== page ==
Wind Load Standards Pioneer Harris Dies at 90

ASCE 7 Wind Loads Subcommittee emeritus member Gilliam “Gill” Harris, a wind load standards pioneer who specialized in establishing such codes for metal buildings, has died at 90.

Harris, P.E., F.SEI, F.ASCE, helped write the first wind load standard in the late 1950s. His wind tunnel research on low-rise buildings at the University of Western Ontario in the 1970s is still the cornerstone for wind loads used today in building codes throughout North America.

Harris began his career in the metal building industry in Houston in the mid-1950s. In 1962 he moved to Columbus, Missouri, to join what eventually become Ceco Building Systems, and rose to become director of engineering. In 1987, he became director of research and engineering for the Metal Building Manufacturers Association. In 1993, he became an industry consultant, continued to lecture and act as a technical witness, and served on the ASCE 7 Wind Loads Subcommittee. He founded a consulting company, Gilliam Harris Engineering LLC, in 2002.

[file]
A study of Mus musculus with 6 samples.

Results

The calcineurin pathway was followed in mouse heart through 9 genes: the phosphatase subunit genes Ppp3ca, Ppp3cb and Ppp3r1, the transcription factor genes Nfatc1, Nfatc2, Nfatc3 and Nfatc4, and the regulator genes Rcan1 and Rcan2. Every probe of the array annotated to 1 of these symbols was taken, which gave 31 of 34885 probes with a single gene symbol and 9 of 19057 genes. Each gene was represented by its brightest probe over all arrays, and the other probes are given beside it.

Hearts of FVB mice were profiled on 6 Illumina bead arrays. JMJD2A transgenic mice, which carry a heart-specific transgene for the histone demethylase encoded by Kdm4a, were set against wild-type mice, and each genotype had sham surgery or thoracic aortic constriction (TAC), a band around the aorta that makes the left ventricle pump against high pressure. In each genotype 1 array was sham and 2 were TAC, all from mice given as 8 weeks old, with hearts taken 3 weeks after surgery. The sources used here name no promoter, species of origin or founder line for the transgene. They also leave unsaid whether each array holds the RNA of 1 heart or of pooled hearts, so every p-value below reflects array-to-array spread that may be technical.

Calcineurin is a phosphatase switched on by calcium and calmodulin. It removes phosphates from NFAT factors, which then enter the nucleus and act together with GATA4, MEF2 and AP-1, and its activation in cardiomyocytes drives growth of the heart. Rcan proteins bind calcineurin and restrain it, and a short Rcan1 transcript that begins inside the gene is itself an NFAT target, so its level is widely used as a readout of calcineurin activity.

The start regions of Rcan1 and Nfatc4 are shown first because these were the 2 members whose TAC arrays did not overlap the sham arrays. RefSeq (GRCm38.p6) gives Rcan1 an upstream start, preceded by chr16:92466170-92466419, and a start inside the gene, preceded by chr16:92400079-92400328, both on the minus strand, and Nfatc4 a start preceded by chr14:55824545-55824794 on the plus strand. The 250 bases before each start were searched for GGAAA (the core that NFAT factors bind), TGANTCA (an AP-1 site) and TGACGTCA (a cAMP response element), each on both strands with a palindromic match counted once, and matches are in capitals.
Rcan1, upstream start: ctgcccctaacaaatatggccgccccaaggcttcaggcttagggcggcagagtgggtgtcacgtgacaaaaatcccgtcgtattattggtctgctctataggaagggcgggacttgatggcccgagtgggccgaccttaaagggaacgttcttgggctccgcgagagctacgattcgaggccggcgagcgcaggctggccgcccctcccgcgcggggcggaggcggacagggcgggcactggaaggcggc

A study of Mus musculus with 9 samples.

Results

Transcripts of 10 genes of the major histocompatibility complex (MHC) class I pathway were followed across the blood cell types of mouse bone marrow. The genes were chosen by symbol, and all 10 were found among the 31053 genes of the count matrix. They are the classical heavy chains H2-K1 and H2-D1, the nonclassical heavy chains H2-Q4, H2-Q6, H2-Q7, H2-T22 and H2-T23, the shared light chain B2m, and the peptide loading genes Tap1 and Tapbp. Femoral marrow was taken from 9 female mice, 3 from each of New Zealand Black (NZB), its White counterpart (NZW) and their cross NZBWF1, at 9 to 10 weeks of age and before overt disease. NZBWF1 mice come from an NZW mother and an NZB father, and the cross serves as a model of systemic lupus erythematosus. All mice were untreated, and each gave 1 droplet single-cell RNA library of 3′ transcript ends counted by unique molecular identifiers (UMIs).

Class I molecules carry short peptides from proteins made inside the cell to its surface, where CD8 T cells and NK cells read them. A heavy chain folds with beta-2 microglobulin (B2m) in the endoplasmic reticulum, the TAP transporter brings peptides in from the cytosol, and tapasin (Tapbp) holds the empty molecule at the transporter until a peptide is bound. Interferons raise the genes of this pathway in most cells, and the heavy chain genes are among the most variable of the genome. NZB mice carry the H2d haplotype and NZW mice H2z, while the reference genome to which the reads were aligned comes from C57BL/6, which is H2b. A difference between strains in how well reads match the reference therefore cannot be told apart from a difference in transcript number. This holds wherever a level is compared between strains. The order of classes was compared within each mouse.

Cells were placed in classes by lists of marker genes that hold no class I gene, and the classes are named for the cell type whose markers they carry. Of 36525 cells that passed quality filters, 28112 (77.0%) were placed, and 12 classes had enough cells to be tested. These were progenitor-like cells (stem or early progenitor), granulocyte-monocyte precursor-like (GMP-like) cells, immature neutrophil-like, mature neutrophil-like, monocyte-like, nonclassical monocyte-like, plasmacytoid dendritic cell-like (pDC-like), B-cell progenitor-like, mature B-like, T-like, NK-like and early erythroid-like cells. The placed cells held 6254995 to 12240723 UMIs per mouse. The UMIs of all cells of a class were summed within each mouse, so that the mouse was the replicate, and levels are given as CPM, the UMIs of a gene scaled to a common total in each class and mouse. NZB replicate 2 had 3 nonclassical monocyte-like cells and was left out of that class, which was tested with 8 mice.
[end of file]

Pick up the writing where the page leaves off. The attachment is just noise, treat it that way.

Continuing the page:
“Gill was a practicing engineer’s engineer. I saw him develop solutions the old-fashioned way, by sitting down and thinking them through and then explaining his solution in a very simple way,” said Larry Griffis, a fellow ASCE committee member.

“His pioneering work with computers … jump-started the industry,” said Lee Shoemaker, P.E., MBMA’s current director of research and engineering, remembering his friend. “With his push for the adoption of sensible codes and standards, he made sure [metal buildings] could be competitive with other structures.”

Harris was elected into the first class of the Metal Construction Hall of Fame in 2012.

A constant focus on fixing problems of any type, plus a love of music, made him a Renaissance man. As a jazz trumpeter, he formed Dixieland jazz and big bands over a lifetime, the last called Big Band Theory, which played public and private shows in his hometown of Columbus.